Analyzing the Super Bowl

February 20, 2021
Rohin Palsule

The biggest game in football was a rather dominant one for the Tampa Bay Buccaneers, ending with a score of 31-9, surprising nearly the entire nation. But should it have come as a surprise? As you could see in our preview article, many of our staff saw a shootout or blowout win for the Chiefs, but as Tom Brady has proven throughout his career, you cannot bet against him. While it is incredible Brady has more rings than any NFL team, it is important to recognize that he did not win them this game, and in this article we will look at exactly why the Kansas City Chiefs did not show up in the biggest game of the season.

1. Dominating the Line of Scrimmage

Image result for super bowl lv bucs chiefs mahomes getting scaked

The number one key to beating the Chiefs is to apply pressure on quarterback Patrick Mahomes and stop the run game to make the Chiefs one dimensional. The easiest way to stop both effectively is to dominate the line of scrimmage on defense, which is exactly what the Bucs did. Mahomes was sacked only 3 times but was hurried 11 times and was pressured a total of 21 times. In a different perspective, 37.5% of the snaps Mahomes took were pressured, and in comparison, Brady was pressured a total of 5 times. To make matters worse for the Chiefs, Mahomes was only blitzed 6 times in comparison to the 7 Brady had to face.

While QB pressures and sacks can amount to the fault of more than specific lineman, it was clear that the Chiefs missed their two injured tackles, Eric Fisher especially. Lineman Justin Pierre-Paul was unstoppable during the game, and while he only pressured 2 times, moving past statistics, it was clear that he, along with Vita Vea and Shaq Barret, were all taking their turns getting past left tackle Mike Remmers.

The Bucs O-line also overpowered the Chiefs D-line, which inevitably ended the Super Bowl. Halfbacks Leonard Fournette and Ronald Jones ran a combined 28 times for 150 yards and 1 TD, asserting their dominance and physicality on the Chiefs defense, which seemed to give up near the end. Including wide receiver Scotty Miller’s rush, the three of them ran the same amount of times Brady threw a pass. This 50/50 split of run and pass plays kept the Chiefs defense honest and allowed Brady to connect with his receivers, like Rob Gronkowski who scored twice, off of play action. Ultimately, if you can dominate the line of scrimmage on both sides of the football and keep a dynamic offense while the opposition is stuck being one-dimensional, there is a great chance the game turns out the way we saw.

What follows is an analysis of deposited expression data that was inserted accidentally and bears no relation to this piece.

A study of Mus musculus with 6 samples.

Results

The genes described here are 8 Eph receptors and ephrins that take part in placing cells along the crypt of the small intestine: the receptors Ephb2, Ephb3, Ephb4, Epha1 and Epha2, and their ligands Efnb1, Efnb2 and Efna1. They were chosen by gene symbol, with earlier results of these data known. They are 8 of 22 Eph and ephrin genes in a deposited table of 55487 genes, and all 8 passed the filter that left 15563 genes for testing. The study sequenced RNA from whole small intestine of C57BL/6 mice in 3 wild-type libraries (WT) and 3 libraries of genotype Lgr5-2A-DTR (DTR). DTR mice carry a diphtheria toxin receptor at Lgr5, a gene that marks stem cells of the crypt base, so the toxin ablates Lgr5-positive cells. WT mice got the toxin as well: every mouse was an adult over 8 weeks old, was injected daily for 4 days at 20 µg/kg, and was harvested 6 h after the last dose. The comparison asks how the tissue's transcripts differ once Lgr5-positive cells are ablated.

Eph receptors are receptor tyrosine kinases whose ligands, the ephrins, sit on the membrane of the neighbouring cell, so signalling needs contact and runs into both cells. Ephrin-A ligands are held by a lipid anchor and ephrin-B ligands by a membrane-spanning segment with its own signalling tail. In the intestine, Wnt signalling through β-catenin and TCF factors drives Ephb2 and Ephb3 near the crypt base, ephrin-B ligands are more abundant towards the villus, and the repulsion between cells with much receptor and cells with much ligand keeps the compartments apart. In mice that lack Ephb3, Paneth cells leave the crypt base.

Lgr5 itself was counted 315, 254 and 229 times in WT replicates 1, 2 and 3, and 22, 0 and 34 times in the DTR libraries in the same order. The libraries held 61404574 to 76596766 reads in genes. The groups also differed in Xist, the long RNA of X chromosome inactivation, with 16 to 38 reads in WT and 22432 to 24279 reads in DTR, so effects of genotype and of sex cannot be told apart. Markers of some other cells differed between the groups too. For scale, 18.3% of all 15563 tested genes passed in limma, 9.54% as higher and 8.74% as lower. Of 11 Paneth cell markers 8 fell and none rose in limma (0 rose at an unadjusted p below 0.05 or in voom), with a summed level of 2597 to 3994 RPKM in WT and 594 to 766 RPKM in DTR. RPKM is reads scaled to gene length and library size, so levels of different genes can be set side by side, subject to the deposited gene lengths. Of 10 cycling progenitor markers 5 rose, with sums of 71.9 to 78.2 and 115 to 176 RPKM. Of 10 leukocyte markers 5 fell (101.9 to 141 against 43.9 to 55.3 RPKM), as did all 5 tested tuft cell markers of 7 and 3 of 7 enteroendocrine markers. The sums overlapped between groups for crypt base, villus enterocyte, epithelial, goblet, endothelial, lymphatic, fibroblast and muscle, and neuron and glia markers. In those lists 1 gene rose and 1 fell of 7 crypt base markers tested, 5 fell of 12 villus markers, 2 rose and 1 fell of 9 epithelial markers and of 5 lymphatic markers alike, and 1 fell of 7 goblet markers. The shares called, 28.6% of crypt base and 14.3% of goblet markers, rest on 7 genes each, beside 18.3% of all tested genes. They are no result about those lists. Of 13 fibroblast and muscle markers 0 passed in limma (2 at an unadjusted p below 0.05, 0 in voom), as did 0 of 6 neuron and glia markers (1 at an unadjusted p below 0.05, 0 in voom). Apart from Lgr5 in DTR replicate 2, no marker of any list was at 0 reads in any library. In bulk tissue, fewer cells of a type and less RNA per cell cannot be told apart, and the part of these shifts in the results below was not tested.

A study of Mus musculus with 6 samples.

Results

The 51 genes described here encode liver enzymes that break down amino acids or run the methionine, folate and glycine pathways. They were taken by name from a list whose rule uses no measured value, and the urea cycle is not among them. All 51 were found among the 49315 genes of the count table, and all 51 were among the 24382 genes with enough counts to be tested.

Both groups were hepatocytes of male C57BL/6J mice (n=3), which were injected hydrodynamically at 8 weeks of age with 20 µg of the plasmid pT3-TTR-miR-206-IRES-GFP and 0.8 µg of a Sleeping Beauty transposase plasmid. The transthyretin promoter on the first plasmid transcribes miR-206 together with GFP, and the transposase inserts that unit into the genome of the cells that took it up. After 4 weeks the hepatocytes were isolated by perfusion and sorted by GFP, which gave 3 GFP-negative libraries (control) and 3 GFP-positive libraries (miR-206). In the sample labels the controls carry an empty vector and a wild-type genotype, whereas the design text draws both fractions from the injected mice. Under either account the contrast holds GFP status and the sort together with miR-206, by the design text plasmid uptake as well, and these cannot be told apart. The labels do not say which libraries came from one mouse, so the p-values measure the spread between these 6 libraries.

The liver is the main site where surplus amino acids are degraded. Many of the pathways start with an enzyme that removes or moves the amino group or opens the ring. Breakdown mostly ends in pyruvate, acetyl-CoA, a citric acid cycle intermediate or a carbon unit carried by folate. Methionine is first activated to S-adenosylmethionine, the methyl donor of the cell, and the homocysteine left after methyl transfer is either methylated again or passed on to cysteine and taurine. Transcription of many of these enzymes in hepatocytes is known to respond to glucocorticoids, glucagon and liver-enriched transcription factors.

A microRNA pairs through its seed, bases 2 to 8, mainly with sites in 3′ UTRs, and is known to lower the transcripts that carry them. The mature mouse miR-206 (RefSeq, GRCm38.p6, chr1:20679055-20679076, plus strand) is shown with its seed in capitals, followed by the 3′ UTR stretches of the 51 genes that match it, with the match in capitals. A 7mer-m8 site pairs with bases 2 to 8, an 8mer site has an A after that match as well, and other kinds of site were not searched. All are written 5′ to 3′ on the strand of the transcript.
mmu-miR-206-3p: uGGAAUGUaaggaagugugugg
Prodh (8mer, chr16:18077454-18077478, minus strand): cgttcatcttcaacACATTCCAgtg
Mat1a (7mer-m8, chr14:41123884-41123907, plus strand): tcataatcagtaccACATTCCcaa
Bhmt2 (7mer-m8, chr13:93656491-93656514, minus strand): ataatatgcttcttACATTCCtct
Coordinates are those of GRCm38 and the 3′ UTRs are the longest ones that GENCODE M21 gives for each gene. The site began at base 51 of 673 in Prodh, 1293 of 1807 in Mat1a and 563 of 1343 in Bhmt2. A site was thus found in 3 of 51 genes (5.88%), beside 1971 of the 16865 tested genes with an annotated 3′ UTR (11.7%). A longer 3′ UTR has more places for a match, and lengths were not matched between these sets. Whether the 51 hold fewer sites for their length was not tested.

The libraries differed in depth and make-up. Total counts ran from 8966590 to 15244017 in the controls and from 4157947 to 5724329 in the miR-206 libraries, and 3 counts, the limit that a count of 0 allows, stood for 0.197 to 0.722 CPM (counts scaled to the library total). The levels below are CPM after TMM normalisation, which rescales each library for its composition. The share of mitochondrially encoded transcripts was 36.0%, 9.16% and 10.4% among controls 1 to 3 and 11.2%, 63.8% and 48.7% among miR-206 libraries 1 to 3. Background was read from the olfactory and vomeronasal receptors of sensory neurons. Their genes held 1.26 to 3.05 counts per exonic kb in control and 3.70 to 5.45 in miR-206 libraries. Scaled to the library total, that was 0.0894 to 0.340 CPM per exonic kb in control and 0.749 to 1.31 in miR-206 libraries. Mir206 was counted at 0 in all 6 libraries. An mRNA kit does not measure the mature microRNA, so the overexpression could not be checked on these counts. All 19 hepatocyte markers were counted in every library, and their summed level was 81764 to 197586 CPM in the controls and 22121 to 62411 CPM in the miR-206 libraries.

2. Receiving Mistakes

The Kansas City Chiefs have some of the best offensive players in recent memory. We have discussed countless times how great Tyreek Hill, Mecole Hardman, and Travis Kelce are, and while Kelce did have a good game especially at then end, the amount of dropped passes was disheartening to watch for any Chiefs fan. It seemed like Mahomes was pulling a magic trick every time he escaped the pocket and seemed to throw some of the most immaculate passes ever by a quarterback only to be dropped in the endzone multiple times. Mahomes had his fair share of mistakes, but when receivers are not doing their job the ball cannot be advanced down the field and in the end zone. There were 5 receiving drops that day for the Chiefs and 2 were in the endzone, hitting the helmet of the receivers. Additionally there were multiple endzone shots that only nearly missed receivers and were placed in a position for them to catch. Overall, something was off with the Chiefs receivers and they failed to convert.

3. Penalties

If the Chiefs would have gone on to a second half comeback and narrowly fallen short, the penalties would have been the biggest headliner. The first half was much more about the Chiefs beating themselves then the Buccaneers beating them, as there were 11 penalties committed for 120 yards, 95 of which were in the first half, compared to the 39 yards the Buccaneers had on penalties. What does not appear in the statsheet are the individual penalties themselves, and it was more than obvious that a large amount of the penalties called were very questionable, and the Chiefs defense was robbed multiple stops because of the referring. Still, the Chiefs held and held often, and it was evident that the refs were not going to let them play like they seemed to have for the Buccaneers the previous game.


In conclusion, the Tampa Bay Buccaneers completely dominated the Chiefs on the line of scrimmage, where its said games are won and lost, but at the same time, it was largely the Chiefs hurting themselves through potentially game changing receiver mistakes and first half penalties. While the headlines will say it's Brady’s 7th, he did not have to do a whole lot for this victory and instead the defensive front should get the bulk of the credit for Tampa Bay’s second NFL Super Bowl in its 45 year history.